Controlling Anger in the Workplace


My colleague's latest failure had gone too far, sending the rest of the staff scrambling to compensate. I was determined to make this the last time that happened.

Dashing off my list of grievances, I highlighted this person's failings in great detail, his impact on others, and the extent of my anger. Our boss promptly forwarded my email to the colleague in question—then things exploded.

While I could blame my boss, I have since reflected on my course of action. After retracing my steps, I have drawn a few conclusions about handling anger in the workplace.

Anger Is the Larger Problem

No matter how right our perspective may seem, we cannot allow anger to dictate our actions. Anger is a poor leader that skews details, misses nuances, and generally results from a fixation on self.

My pastor once contrasted humility and meekness with anger. “Anger,” he said, “is rooted in the demand for a right.” Anger crops up when we expect something better and refuse to allow ourselves to be mistreated. It is this festering pride and selfishness under the radar that can destroy us and our relationships.

Anger tells us we'll reach success when we have our way. By way of contrast, Jesus says the meek will inherit the earth.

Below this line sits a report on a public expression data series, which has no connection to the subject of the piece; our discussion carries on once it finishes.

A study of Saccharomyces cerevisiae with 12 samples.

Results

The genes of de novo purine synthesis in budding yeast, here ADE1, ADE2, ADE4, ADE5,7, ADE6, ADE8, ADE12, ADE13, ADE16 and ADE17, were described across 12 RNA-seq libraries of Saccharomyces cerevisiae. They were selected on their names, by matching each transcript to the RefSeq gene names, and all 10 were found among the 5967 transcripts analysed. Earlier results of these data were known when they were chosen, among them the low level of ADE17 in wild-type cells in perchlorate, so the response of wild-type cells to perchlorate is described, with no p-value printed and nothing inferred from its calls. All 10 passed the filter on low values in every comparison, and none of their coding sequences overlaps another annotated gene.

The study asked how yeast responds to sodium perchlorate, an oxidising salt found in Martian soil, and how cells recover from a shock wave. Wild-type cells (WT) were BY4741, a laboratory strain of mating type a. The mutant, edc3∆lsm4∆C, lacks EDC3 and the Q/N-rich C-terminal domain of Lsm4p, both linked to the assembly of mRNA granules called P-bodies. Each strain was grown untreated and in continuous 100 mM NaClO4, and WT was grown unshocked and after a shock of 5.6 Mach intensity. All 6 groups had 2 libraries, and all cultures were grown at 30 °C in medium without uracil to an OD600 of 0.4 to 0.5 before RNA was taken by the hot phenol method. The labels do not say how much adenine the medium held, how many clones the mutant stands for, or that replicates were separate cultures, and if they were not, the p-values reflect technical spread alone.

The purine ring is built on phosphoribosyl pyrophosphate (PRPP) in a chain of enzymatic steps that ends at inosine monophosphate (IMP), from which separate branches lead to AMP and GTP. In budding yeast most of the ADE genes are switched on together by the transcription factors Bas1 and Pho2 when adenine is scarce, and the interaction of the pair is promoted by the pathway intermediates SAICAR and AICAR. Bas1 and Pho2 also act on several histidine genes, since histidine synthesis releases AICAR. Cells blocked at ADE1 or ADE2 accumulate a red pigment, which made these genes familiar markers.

Give the Benefit of a Doubt

When our anger burns, we need to stop and consider the challenges facing others around us. Taking into account the other's perspective can diffuse tension by breaking the introspective stranglehold of anger.

When I have tried to do this, I often discover some very real reasons for people's actions. However, even if there's no reason for exoneration, reflection enables me to treat others as I would have them treat me, while also preparing me for the final response to anger.

Pray for the Offending Party

If Jesus wants his followers to pray for their persecutors and to meet cursing with blessing, then praying for a negligent or incompetent colleague should be a cinch. Ruining our project or injecting chaos into our day, these are small potatoes compared to real persecution—and so we pray.

My wise wife once said that it's hard to stay angry at someone after you've prayed for him or her. Prayer is our ultimate deliverance from the pride and selfishness behind anger, and hopefully the offending party will be blessed in the process.

Backing Down

Two months and a new job after the email incident, another colleague dropped the ball on a major project. However, after considering the unraveling that occurred last time, I decided to step back, to keep my mouth shut, and to pray for him.

I'm not sure if I made the best business decision, but I feel a lot of peace about it. I hope he feels blessed too.

Questions for personal reflection, online discussion, or small groups:

  • What situations stir up anger in your own life?
  • Are there angles to these situations you have not yet considered?
  • How may prayer diffuse anger and benefit others in your own experiences?
  • For more inspiration, read Al Hsu's Bible reflection A Long Nose for Anger or Ed Cyzewski's article Career Changes: From Fear to Faith.

Ed Cyzewski is the author of Coffeehouse Theology: Reflecting on God in Everyday Life. He blogs on theology at

Note: photograph, "anger management?" by Amadika, used with permission.